Cover Photo: I Hear America Singing Different by Alexandros Orphanides

I Hear America Singing Different

I, too, hear America singing
From where the margin is the center

I hear it sing the whistles of guillotines
that sit upon heads like tropical fruit basket hats,
overflowing with small universes of bounty
and fiefdoms of riches

I hear it sing with the chomp of perfect teeth on a cavendish,
masticating fruit & bone & guts
with the subtle moan following the first sip of coffee
in the New England cold

I hear it in the buzz of fluorescents reflecting off 
pyramids of produce,
the swing of cash registers, and the rustle of plastic bags
headed for the trunks of minivans in a suburban quietude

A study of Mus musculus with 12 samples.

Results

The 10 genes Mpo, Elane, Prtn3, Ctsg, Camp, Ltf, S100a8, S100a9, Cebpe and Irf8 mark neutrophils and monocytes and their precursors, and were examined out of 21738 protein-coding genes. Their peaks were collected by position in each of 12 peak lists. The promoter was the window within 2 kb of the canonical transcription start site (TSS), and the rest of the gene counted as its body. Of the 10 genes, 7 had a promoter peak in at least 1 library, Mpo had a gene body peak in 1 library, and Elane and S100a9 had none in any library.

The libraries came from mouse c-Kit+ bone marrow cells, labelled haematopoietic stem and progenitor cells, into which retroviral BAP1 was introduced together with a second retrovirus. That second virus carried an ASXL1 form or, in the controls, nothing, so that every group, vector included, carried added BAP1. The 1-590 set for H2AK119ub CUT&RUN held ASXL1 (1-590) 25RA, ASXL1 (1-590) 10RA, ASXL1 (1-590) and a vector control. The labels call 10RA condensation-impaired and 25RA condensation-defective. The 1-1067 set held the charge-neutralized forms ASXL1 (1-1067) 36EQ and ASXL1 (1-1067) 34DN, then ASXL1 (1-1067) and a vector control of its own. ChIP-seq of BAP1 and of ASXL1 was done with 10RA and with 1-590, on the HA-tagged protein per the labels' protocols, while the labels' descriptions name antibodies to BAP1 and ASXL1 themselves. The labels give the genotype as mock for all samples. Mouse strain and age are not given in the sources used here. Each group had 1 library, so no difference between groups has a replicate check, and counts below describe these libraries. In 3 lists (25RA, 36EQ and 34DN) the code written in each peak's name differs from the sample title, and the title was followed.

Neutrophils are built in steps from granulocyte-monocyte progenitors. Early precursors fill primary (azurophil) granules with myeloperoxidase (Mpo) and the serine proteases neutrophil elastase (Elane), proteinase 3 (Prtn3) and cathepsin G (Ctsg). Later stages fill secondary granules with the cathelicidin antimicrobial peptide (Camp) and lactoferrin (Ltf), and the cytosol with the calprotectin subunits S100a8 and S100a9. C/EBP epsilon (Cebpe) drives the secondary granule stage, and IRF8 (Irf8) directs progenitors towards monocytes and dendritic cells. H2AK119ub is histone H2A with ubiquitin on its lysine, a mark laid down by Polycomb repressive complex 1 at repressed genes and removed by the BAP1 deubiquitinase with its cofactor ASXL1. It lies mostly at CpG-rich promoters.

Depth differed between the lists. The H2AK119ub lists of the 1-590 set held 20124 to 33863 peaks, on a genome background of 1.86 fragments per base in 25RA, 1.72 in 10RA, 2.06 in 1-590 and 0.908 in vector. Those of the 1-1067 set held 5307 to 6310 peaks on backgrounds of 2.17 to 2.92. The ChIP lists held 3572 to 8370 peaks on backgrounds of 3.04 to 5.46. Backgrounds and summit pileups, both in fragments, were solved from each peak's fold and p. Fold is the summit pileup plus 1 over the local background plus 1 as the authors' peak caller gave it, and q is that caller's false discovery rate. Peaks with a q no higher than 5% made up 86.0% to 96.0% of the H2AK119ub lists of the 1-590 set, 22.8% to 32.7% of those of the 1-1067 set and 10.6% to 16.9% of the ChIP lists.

I hear it in a mother’s heart, as it ruptures
miles from her beloved,
like a silent eruption of a supernova or a canvas maleta
dragged too far and pushed to the brink too many times

I hear it in the guard humming as he does his rounds,
making sure the boxes that house children are sufficiently cold,
in the judge crooning as he washes his hands after recess
and before a warm lunch

I hear them all singing
Each singing of a life that won’t be ours
that won’t be lived

I hear them singing a funeral song
that sounds of laughter to them

Alexandros Orphanides is a New York City-based writer and teacher of Honduran and Cypriot descent . In addition to his fiction and poetry, he writes on political, social and cultural issues with an emphasis on marginalized communities. His work has appeared in NPR, The Huffington Post, Complex Magazine,  In These Times, and TruthOut.